The impact has been quite different from cyclone Larry. Before Yasi, the rejuvenating rainforest was beginning to provide some shade cover but was still very light and open in many places with lots of pioneer species creating an understorey. This time with many of the oldest and largest canopy trees gone, the saplings and younger trees are experiencing an enormous growth spurt and are providing enough shade to sufficiently inhibit the pioneer species and many of the weeds that proliferated post Larry. They are the species that will in time form part of the next canopy. We may have a jagged skyline with vine towers for a long time to come.
It is a very disappointing that the 'clean up' of the natural environment continues to be carried out under the reconstruction process without expert supervision.
There are no funds allocated for the natural environment in the disaster recovery process.
Despite the cyclone damage and further impact from the 'clean-up' activities, legal clearing of remnant rainforest at Mission Beach continues.
Both residential developments are in important remnant vegetation corridors. The development off Explorer Drive at South Mission has severed the lowland corridor north of the ridge completely. A lot of high value vegetation that survived Cyclone Yasi has been cleared on the site which includes a large area of road verge either side of the approach to the access road. On the surveyed map in the approval, this area is marked as revegetation/landscaping.
"The person taking the action must rehabilitate the area marked revegetation and landscaping on Survey 2 in order to protect and enhance habitat for the Southern Cassowary" (Click on image to enlarge)
"Rehabilitate - the process of re-vegetating and maintining an area of vegetation until monitoring confirms it meets the status of remnant vegetation".
Natural vegetation that has survived a cyclone has now been removed to revegetate and landscape. Noticing the few species still standing are predominantly palms one can only assume it is 'landscaping' that is happening, not 'revegetation'. There doesn't seem to be any reason for the destruction of the vegetation to achieve the residential development.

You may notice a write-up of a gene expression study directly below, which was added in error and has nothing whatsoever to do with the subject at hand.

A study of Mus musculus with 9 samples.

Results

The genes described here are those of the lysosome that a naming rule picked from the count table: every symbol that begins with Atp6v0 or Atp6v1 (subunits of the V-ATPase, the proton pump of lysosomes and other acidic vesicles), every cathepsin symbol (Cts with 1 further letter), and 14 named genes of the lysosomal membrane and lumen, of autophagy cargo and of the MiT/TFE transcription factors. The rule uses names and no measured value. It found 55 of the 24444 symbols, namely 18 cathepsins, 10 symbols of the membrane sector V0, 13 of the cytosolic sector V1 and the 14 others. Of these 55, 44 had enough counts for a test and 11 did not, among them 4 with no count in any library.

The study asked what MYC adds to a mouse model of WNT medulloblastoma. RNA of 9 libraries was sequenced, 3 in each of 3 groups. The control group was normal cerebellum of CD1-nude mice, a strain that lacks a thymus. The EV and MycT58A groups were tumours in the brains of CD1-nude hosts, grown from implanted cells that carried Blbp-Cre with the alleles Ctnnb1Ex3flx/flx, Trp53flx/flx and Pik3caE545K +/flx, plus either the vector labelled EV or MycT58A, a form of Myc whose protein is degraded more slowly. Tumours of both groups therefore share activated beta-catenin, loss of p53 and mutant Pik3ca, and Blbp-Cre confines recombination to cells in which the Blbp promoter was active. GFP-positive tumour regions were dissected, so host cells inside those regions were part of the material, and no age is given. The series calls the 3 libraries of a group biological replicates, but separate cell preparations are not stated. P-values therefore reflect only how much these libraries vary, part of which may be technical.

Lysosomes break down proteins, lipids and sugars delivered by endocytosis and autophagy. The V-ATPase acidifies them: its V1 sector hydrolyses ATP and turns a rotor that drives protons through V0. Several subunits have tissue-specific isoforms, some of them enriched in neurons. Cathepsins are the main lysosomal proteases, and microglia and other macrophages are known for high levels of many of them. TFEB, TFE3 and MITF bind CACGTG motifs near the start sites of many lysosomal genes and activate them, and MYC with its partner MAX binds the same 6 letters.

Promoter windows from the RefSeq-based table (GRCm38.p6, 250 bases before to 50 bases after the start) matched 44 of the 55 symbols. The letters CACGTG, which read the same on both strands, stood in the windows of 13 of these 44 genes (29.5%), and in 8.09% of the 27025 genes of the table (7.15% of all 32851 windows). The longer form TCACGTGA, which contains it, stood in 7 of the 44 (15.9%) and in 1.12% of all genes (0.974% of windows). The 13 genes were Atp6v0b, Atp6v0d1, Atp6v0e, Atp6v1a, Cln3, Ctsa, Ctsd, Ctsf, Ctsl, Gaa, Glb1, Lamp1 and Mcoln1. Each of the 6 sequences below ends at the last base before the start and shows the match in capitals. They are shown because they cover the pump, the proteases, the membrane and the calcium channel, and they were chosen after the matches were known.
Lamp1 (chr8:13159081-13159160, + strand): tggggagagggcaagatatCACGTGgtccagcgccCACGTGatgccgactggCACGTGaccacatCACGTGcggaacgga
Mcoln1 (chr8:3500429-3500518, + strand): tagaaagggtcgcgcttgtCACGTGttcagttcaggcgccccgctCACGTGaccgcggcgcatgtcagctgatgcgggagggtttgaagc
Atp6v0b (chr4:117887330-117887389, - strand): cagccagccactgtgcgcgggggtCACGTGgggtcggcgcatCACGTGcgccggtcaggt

"Medium to high utilisation in patch
It is the opinion of C&R Consulting that within the context of this site, the isolated patches of remnant vegetation within the cleared footprint are of medium to high significance for foraging purposes and therefore should be maintained.
However, it is recognised that within the context of a developed landscape, it is not desirable to encourage cassowaries into isolated patches surrounded by infrastructure, including roads, houses and the general built environment, for the following reasons:
-Increased risk of road incident or vehicle strike, causing injury or harm to cassowaries, people and / or property
- Increased risk of wildlife-human interactions, potentially resulting in injury or harm to cassowaries, people and/or property
Therefore, it could be argued that the maintenance of these remnant patches within the developed landscape could be detrimental to the southern Cassowary".
Surely there can’t be a more detrimental impact on any species than taking away their food source.
Given this decision, more rainforest clearing will probably be approved in other developments at Mission Beach that are currently being considered under the EPBC Act. It would be safe to say that all of them will increase Cassowary/human interaction and traffic, fragment the landscape and, regardless of conditions, increase the risk of introduction of exotics including dogs in the long term. that would mean a significant impact.
Most of the impacts, if enough resources were made available could perhaps be managed but the vegetation is irreplaceable. Nothing will get back the biodiversity that has taken millions of years to develop with the cassowary being the keystone species and most efficient seed disperser within it.
Two configuration plans were drawn. In neither of them do the lots correspond with the orginal clearings which on approval allowed for the destruction of the valuable patches of cassowary habitat referred to in the environment report. At the very least, why wasn't the development confined to the cleared areas? Perhaps it was easier to deal with if it wasn't there, who knows!! It certainly isn't there now and there will be no regeneration of this rainforest, nor free wildlife movement through the last northern lowland rainforest corridor off Explorer Drive.
It is heartbreaking to watch it happening.